Current Issue

Peso Decline Raises Concerns in Mexico about Inflation, Capital Flight

The continuing slide of the Mexican peso has raised many concerns in Mexico, including the potential increase in prices for consumer goods in the not-so-distant future and the possibility that foreign investors will continue to withdraw much-needed foreign capital from the Mexican economy. Furthermore, some officials worry that the slide in the peso and a recent flight of capital from the country reflect a lack of confidence in the Mexican economy on the part of foreign investors. The peso has fallen steadily since 2013, when the exchange rate stood at 12 pesos per US$1.00. By September 2016, the Mexican currency had slipped to 19 pesos per US$1.00. External factors appear to be driving the slide, including an expectation that the US Federal Reserve (Fed) could raise US interest rates at any time. A hike in interest rates would have a direct impact on emerging-market currencies like the peso by making investments in US dollars more attractive than investments in other currencies. The Fed has kept interest rates unchanged for each of its last six quarterly meetings, but the mere threat of an increase has kept the peso on edge.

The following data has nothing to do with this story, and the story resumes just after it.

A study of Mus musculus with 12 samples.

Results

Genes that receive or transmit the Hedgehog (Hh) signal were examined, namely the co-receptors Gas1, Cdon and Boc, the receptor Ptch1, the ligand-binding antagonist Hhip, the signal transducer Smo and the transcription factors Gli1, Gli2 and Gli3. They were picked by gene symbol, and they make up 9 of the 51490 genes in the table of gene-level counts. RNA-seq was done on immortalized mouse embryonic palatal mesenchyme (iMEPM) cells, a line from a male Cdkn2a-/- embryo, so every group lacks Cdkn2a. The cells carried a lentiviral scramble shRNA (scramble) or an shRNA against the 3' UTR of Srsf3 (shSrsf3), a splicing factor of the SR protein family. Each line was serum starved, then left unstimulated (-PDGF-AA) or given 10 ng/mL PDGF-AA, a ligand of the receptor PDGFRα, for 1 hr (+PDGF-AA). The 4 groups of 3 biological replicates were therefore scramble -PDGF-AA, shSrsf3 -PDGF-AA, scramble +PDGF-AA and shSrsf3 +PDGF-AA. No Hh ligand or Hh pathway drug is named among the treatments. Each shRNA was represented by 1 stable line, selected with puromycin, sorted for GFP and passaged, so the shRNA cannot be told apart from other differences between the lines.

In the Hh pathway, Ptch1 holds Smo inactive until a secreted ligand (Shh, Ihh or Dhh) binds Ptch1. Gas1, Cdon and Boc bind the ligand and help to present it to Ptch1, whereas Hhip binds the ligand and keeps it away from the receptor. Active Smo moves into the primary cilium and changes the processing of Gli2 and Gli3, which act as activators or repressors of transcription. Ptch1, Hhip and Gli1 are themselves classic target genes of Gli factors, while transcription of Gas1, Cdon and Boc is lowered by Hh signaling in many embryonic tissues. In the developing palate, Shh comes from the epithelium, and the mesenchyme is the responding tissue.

Environmental Concerns Accompany Surge in Demand for Mexican Avocados

The North American Free Trade Agreement (NAFTA) gradually eliminated restrictions on imports of Mexican avocados into the US, resulting in a surge of consumption: US households consumed a record of nearly 1.9 billion pounds (about 4.25 billion avocados) in 2015, more than double the rate of 2005 and almost four times as high as 2000, according to statistics from the US-based Hass Avocado Board. The UN Food and Agriculture Organization (FAO) presented supporting data indicating per capita consumption of avocados in the US has tripled to more than 3 kg per year over the last 15 years. The combination of relatively low prices and increased publicity about the health benefits of the fruit as a “superfood” have boosted demand. However, the increase in production, while providing great financial benefits for producers in Michoacán, is having significant environmental consequences, particularly in a region known as the Meseta Purépecha, which accounts for about 75% of the avocado output in the state. The avocado orchards in the Meseta Purépecha share terrain with pine, fir, and other evergreen trees, which producers are gradually cutting to expand their groves. A study conducted by an environmental research center (Centro de Investigaciones en Geografía Ambiental, CIGA) at Universidad Nacional Autónoma de México (UNAM) found that more than 20,000 ha of forests were lost between 1976 and 2005 in several municipalities in the Meseta Purépecha.